Proudhon was born in Besançon, France, on 15 January 1809 at 23 Rue du Petit Battant in the suburb of Battant.  His father Claude-François Proudhon, who worked as a brewer and a cooper,  was originally from the village of Chasnans, near the border with Switzerland. His mother Catherine Simonin was from Cordiron. 
Pierre-Joseph Proudhon, (born January 15, 1809, Besançon, France—died January 19, 1865, Paris), French libertarian socialist and journalist whose doctrines became the basis for later radical and anarchist theory. Early life and education
Pierre-Joseph Proudhon (pronounced [ˈpruːd ɒn] in British English, [pʁu dɔ̃] in French) (January 15, 1809 – January 19, 1865) was a French mutualist political philosopher who was the first individual to call himself an "anarchist" and is considered among the first anarchist thinkers.
Pierre-Joseph Proudhon, (born Jan. 15, 1809, Besançon, France—died Jan. 19, 1865, Paris), French journalist and socialist. After working as a printer, he moved to Paris in 1838 and joined the socialist movement.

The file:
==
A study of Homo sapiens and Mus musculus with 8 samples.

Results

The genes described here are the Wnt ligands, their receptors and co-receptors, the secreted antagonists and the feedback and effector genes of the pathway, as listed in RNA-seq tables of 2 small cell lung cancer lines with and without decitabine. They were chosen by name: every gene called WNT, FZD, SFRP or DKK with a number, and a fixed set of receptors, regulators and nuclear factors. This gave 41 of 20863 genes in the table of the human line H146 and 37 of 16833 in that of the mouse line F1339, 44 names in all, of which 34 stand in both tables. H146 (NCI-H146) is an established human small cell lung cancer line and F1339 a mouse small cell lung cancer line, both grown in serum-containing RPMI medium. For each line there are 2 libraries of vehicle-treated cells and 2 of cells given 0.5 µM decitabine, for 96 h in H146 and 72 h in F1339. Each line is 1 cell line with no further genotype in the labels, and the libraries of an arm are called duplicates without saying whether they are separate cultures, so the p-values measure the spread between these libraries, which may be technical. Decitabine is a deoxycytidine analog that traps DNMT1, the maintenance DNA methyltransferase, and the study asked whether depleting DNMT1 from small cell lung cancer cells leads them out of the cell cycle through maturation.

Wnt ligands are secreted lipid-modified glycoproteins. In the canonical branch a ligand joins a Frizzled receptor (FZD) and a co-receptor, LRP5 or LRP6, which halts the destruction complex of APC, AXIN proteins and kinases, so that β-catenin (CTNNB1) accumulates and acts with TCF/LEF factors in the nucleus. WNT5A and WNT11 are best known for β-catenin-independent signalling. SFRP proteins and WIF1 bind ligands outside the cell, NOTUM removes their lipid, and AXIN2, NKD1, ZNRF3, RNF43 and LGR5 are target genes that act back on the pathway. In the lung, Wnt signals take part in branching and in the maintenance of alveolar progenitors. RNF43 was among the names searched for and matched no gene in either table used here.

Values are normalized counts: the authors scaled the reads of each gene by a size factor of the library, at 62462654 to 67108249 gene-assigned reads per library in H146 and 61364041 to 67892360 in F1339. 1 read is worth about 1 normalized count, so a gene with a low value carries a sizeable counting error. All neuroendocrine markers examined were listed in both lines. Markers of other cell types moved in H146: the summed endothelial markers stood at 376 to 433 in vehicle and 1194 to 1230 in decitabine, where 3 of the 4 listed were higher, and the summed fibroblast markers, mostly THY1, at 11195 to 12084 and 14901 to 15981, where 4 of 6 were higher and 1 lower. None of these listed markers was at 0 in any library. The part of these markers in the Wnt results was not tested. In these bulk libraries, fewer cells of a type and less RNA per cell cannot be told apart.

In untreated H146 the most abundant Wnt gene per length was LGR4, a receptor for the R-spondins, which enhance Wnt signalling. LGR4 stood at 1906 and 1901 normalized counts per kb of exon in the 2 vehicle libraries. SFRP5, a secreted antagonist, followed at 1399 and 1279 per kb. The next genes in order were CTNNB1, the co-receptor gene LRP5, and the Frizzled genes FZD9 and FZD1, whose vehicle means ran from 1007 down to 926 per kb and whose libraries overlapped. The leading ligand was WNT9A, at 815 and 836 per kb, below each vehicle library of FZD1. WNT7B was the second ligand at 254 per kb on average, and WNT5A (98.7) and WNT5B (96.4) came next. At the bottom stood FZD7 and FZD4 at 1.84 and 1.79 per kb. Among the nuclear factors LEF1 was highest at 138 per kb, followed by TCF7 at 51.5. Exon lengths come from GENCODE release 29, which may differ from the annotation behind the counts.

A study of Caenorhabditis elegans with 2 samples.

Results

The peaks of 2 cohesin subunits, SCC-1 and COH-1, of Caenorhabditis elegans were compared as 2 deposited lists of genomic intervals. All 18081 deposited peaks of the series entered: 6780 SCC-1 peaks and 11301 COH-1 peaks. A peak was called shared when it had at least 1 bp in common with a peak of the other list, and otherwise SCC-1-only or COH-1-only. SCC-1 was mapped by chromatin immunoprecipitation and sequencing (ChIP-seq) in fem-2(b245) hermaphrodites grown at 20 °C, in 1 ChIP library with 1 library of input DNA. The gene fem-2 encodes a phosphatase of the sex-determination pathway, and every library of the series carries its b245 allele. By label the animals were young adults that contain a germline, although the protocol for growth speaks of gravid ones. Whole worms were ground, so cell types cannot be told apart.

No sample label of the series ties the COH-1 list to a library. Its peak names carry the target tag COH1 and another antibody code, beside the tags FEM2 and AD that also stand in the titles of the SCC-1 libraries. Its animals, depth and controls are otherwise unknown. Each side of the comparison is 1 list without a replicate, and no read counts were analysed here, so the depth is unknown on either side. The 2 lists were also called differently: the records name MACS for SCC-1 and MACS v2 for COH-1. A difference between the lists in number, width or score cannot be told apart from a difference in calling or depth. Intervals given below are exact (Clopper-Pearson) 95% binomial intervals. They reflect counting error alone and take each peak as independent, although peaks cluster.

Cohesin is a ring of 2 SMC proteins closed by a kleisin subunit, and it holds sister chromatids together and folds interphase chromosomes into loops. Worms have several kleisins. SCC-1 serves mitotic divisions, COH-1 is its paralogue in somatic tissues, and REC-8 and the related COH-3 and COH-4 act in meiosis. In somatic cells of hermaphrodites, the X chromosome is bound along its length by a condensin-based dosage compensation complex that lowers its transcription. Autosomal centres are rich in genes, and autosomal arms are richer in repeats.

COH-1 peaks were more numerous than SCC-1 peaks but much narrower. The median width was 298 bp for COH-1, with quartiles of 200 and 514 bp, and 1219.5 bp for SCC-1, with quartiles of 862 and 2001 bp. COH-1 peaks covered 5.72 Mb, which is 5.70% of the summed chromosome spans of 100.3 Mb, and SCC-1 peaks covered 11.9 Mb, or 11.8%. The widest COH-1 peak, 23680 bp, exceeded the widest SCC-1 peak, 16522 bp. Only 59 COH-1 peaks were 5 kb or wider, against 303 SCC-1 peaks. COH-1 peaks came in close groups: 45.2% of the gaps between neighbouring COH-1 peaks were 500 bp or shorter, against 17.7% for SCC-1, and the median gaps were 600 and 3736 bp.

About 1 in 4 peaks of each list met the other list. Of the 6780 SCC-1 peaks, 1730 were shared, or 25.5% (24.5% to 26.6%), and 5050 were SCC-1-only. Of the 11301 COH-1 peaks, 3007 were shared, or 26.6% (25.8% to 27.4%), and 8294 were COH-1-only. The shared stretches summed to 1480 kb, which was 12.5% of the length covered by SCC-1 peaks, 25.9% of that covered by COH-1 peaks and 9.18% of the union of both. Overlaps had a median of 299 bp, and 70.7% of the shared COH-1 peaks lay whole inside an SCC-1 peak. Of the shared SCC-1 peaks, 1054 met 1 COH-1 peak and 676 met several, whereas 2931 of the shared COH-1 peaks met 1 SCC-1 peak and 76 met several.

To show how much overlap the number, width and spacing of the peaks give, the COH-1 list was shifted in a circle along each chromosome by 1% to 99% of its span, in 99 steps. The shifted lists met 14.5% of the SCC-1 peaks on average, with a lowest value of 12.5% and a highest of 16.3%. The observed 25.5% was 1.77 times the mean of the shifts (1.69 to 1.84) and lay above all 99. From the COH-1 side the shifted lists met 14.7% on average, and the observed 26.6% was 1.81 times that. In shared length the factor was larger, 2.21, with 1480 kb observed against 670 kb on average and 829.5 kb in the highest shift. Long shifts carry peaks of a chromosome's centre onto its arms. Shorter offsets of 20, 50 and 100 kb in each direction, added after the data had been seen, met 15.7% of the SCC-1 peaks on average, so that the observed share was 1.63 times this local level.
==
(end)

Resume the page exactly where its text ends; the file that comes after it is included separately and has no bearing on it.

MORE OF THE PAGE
From: Pierre-Joseph Proudhon, né le 15 janvier 1809 à Besançon dans le Doubs et mort le 19 janvier 1865 à Paris, est un polémiste, journaliste, économiste, philosophe et sociologue libertaire français. Il est le seul théoricien socialiste révolutionnaire du XIXe siècle d'origine ouvrière.
Pierre-Joseph Proudhon, né le 15 janvier 1809 à Besançon et mort le 19 janvier 1865 à Paris (16 e arrondissement), est un polémiste, journaliste, économiste, philosophe, politique et sociologue français. Précurseur de l'anarchisme, il est le seul théoricien révolutionnaire du XIX e siècle à être issu du milieu ouvrier.
Pierre-Joseph Proudhon was a contemporary of Marx and one of the most acute, influential and subversive critics of modern French and European society. His What is Property? (1840) produced the answer 'Property is theft'; the book itself has become a classic of political thought through its wide-ranging and deep-reaching critique of private ...
Proudhon contrasts the supposed right of property with the rights (which he considered valid) of liberty, equality, and security. Proudhon was clear that his opposition to property did not extend to exclusive possession of labor-made wealth.